BISMARCK, N.D. – May 15, 2020 – Cattle and drones may not seem to have a lot in common, but they are both part of research going on this spring and summer at Ducks Unlimited’s Coteau Ranch, near Bismarck, N.D. Both studies can improve our understanding of waterfowl production and ecology.
“Multiple studies in partnership with the University of North Dakota (UND) are planned for this summer,” said Kaylan Kemink, who oversees the research program in Ducks Unlimited’s Great Plains Region. “We have had to cut back on the number of researchers due to COVID-19 restrictions, but we want to continue our study monitoring nesting behavior.”
In a normal year, a handful of UND interns and a couple of DU techs would look for nests and place stationary cameras to observe nesting behavior at the Coteau Ranch and neighboring Davis Ranch, owned by The Nature Conservancy (TNC). However, following new CDC guidelines, students cannot be housed together or travel in the same vehicle. This year’s breeding waterfowl ecology research is being led by one UND graduate student, staying in a camper. A UND undergrad, professor and DU staff will provide support through day-trips to the two ranches, traveling in separate vehicles. Other students are helping analyze research data online.
The UND graduate student, Mason Ryckman, is researching a variety of breeding behaviors using unmanned aerial vehicles (UAVs). The study will examine how breeding ducks react to UAVs and how to best use this technology for research.
“Mason’s primary project is to study the use of UAVs in researching breeding waterfowl ecology. How do birds behave with drones and how low do we need to fly over nests to be able to see the birds and identify species and sex?” said UND Associate Professor Susan Felege, who supervises the students. “Our preliminary results suggest that nesting ducks do notice the UAV flying over, but we have not documented any flushing from the nest during our flights. Females staying on nests typically translates to reduced chances of predation, and so far it appears we are not changing incubation patterns compared to days without flights.”
In collaboration with TNC, another UND graduate student will study high-intensity, short-duration grazing, which simulates how bison might have historically moved across the prairie. Taylor Linder is looking at how this practice affects grassland nesting birds. The study is funded through a State Wildlife Grant, administered by the North Dakota Game and Fish Department. DU is providing in-kind contributions.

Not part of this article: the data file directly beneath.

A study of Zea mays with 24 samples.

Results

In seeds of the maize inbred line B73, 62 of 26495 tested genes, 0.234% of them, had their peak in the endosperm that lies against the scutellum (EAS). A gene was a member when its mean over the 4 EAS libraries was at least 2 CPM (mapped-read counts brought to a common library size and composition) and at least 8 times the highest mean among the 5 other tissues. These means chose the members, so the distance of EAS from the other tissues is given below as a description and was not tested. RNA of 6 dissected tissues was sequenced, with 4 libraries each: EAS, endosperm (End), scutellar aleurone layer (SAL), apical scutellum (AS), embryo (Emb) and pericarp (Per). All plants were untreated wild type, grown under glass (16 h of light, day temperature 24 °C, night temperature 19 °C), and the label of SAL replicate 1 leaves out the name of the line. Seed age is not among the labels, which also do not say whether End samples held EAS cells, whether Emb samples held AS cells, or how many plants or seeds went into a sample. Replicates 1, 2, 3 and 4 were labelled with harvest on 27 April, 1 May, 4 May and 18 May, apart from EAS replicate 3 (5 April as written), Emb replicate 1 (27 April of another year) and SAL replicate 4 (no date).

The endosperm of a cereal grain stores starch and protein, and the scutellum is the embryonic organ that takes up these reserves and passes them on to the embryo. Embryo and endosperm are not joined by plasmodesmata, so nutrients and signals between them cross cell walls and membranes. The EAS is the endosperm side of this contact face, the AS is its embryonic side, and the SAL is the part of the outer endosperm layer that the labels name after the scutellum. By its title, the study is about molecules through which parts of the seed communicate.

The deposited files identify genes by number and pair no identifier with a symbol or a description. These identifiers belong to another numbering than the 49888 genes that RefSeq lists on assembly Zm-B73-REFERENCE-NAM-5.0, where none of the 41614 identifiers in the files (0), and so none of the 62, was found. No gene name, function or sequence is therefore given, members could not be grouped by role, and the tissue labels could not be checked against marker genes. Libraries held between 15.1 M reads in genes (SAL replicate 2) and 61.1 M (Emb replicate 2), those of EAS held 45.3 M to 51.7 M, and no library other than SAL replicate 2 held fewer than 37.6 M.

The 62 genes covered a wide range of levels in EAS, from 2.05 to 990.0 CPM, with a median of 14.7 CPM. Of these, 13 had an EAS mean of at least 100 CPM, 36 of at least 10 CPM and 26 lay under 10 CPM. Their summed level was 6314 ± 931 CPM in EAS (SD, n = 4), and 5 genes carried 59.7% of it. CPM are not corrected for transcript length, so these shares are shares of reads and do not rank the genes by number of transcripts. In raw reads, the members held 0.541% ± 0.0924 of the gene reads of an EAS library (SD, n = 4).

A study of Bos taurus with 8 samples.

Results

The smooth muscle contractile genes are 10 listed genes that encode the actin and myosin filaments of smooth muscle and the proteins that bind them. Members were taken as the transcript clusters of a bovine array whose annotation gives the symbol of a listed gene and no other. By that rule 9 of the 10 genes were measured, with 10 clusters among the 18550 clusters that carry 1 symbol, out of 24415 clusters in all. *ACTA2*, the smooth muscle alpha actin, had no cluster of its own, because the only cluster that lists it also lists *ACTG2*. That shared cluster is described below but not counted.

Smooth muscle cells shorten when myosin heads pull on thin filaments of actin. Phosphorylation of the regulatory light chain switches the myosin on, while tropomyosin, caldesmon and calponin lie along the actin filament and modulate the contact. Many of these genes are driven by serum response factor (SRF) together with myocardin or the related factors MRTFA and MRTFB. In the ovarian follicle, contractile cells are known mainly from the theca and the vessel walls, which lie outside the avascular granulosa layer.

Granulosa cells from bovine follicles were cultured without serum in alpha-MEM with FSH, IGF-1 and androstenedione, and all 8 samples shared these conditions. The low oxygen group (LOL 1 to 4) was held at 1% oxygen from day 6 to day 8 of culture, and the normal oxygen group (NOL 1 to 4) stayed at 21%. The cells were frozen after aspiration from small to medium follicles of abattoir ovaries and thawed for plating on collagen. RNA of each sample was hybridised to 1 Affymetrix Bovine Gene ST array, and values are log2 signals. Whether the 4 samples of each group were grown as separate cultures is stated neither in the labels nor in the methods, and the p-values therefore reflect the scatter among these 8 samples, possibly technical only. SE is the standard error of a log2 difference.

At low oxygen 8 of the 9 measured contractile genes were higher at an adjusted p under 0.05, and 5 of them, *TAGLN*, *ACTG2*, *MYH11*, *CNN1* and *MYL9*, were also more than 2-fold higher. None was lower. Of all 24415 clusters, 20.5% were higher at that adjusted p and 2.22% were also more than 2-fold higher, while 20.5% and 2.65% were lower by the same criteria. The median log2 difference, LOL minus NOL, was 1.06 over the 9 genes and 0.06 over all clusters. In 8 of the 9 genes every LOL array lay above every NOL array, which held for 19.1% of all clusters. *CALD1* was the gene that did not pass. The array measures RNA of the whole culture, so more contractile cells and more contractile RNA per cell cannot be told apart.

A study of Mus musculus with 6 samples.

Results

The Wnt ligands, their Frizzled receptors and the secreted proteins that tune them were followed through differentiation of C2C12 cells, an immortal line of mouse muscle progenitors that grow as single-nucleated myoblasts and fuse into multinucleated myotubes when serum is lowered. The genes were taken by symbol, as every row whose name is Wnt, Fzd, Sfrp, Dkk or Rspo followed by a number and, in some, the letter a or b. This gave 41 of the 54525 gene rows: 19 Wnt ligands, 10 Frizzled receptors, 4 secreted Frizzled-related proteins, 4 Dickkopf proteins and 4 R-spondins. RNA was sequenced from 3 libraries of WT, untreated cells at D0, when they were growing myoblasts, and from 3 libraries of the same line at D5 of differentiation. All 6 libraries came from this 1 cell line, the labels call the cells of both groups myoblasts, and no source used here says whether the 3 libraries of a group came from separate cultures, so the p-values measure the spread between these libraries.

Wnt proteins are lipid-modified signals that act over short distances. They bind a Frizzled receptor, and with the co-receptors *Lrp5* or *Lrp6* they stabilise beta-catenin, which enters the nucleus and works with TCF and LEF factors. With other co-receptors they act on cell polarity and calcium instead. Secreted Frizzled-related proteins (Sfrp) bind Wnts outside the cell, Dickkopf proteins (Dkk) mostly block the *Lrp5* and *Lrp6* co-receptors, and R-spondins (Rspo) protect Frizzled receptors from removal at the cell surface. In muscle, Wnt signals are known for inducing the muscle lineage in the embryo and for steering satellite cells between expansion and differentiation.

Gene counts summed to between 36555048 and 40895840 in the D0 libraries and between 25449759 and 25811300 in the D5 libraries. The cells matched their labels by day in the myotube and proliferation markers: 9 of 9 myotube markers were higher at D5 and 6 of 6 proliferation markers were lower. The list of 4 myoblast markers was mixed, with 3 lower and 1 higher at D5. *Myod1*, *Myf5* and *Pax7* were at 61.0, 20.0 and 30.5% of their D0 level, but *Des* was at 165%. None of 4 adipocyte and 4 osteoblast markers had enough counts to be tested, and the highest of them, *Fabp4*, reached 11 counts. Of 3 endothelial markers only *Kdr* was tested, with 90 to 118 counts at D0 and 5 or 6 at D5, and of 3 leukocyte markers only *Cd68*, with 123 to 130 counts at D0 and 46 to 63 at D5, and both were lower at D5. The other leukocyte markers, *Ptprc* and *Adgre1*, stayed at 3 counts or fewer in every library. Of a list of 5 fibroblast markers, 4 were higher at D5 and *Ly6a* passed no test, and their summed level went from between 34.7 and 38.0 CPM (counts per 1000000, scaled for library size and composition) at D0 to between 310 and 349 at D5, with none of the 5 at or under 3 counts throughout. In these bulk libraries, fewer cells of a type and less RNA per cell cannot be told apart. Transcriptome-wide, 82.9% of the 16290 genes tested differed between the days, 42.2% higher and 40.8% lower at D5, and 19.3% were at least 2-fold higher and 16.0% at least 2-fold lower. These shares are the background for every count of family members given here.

“We expect grazing will play a big part in managing grasslands for wildlife. With high-intensity, short-duration grazing, cattle stay in smaller, fenced areas for a short rotation – hours or a couple of days – and then are moved on to the next paddock,” Felege said. “Then that grass may be undisturbed for a year or so.”
Next year, if CDC guidelines permit, DU plans to host and help supervise eight UND interns to continue the grazing study.
For more information, visit www.ducks.org and be sure to follow DU’s newest Twitter feed - @DUNews1937 – to get the most up-to-date news from Ducks Unlimited.
Ducks Unlimited Inc. is the world's largest nonprofit organization dedicated to conserving North America's continually disappearing waterfowl habitats. Established in 1937, Ducks Unlimited has conserved more than 14.5 million acres thanks to contributions from more than a million supporters across the continent. Guided by science and dedicated to program efficiency, DU works toward the vision of wetlands sufficient to fill the skies with waterfowl today, tomorrow and forever. For more information on our work, visit www.ducks.org.